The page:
Women with premenstrual disorders more likely to develop perinatal depression

Healthcare providers will now be able to provide better-informed advice for pregnant women, following confirmation of a link between premenstrual disorders and perinatal depression.

New research, based on a very large Swedish data set, suggests women with premenstrual disorders have a higher risk of developing perinatal depression.

And the same study, published in the journal PLOS Medicine, found women with PND are more likely to go on to develop premenstrual disorders after giving birth.

The findings support the hypothesis that both disorders share a common set of causes and risk factors.

“It is important that healthcare professionals who meet women during pregnancy are aware of the link between premenstrual disorders and perinatal depression in order to provide well-informed advice,” says Donghao Lu, an associate professor in epidemiology at the Karolinska Institute in Sweden, who is co-author of the paper.

Perinatal depression (PND) affects 11% of mothers globally and is characterised by depressive symptoms that occur during pregnancy and up to 12 months post-delivery.

Those with premenstrual disorders – like premenstrual syndrome (PMS) or premenstrual dysphoric disorder (PMDD) – contend with physical and psychological symptoms that occur in the luteal phase of the menstrual cycle. PMDs affect 20 to 30% of women of reproductive age, with about 5 to 8% suffering severe symptoms.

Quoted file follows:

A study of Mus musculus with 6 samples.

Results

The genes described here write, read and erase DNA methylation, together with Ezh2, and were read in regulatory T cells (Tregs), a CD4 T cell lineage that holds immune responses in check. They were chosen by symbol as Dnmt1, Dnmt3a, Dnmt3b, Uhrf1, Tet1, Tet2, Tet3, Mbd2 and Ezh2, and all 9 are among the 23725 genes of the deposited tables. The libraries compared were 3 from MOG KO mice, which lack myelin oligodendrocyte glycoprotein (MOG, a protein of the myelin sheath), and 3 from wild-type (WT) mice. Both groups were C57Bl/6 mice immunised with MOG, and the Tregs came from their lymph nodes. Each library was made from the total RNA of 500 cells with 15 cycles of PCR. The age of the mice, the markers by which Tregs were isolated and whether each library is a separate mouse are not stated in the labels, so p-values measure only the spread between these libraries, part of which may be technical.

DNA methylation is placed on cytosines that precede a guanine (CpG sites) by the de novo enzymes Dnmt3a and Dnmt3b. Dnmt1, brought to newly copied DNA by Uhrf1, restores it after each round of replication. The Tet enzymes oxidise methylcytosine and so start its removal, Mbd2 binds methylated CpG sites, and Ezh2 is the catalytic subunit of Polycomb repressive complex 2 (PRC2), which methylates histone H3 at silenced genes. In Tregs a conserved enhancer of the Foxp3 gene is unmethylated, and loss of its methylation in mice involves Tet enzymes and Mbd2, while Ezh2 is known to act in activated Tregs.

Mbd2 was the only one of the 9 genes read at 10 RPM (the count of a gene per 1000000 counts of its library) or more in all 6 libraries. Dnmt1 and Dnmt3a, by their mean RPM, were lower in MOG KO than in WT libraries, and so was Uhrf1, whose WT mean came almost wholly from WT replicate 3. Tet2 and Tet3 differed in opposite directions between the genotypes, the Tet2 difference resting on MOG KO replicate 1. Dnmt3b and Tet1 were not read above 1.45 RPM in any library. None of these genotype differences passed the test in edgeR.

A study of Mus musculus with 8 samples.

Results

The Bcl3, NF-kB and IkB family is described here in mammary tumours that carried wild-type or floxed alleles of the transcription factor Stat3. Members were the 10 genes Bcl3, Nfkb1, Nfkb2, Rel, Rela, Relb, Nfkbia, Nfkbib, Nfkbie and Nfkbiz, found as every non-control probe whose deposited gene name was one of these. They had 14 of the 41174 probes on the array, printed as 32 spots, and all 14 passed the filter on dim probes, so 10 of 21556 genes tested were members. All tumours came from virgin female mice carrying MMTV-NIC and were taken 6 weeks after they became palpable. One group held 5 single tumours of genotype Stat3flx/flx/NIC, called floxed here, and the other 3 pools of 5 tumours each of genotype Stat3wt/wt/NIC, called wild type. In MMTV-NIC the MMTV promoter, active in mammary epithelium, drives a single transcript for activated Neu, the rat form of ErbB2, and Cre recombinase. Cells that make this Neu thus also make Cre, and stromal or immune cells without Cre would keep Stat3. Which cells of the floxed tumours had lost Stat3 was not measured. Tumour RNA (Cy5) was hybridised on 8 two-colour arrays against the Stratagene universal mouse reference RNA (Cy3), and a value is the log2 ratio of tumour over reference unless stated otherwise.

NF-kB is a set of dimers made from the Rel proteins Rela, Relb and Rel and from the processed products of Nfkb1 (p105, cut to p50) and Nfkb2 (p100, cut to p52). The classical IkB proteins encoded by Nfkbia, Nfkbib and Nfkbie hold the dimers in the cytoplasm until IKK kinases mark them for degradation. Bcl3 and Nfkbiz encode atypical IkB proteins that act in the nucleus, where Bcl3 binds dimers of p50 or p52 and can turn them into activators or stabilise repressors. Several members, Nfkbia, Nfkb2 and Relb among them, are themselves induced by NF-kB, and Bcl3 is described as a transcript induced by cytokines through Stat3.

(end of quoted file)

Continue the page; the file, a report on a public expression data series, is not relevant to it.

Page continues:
These disorders coincide with natural hormonal fluctuations, so it’s been hypothesised that a history of one disorder could inform susceptibility to the other.

The new study analysed data from the Swedish Medical Birth Register, which includes information on approximately 1.8 million pregnancies between 2001 and 2018. Researchers identified nearly 85,000 women who had experienced PND and used additional national registers to identify those diagnosed with PMS or PMDD.

These were then compared to a control group of nearly 850,000 women who did not develop PND during the same period.

The findings indicate that women with premenstrual disorders were 5 times more likely to experience perinatal depression than those without.

Additionally, with an average follow-up time of 6.9 years, women who experienced perinatal depression were twice as likely to subsequently develop premenstrual disorders.

Further research will be necessary to understand the biological link between PMDs and PNDs and whether the association also applies to women with mild cases.

The researchers recommend that “pre-conception and maternity care providers should be aware of the risk of developing PND among women with a history of PMDs” and “healthcare providers may inform women with PND about the potential risk of PMDs when menstruation returns after childbirth”.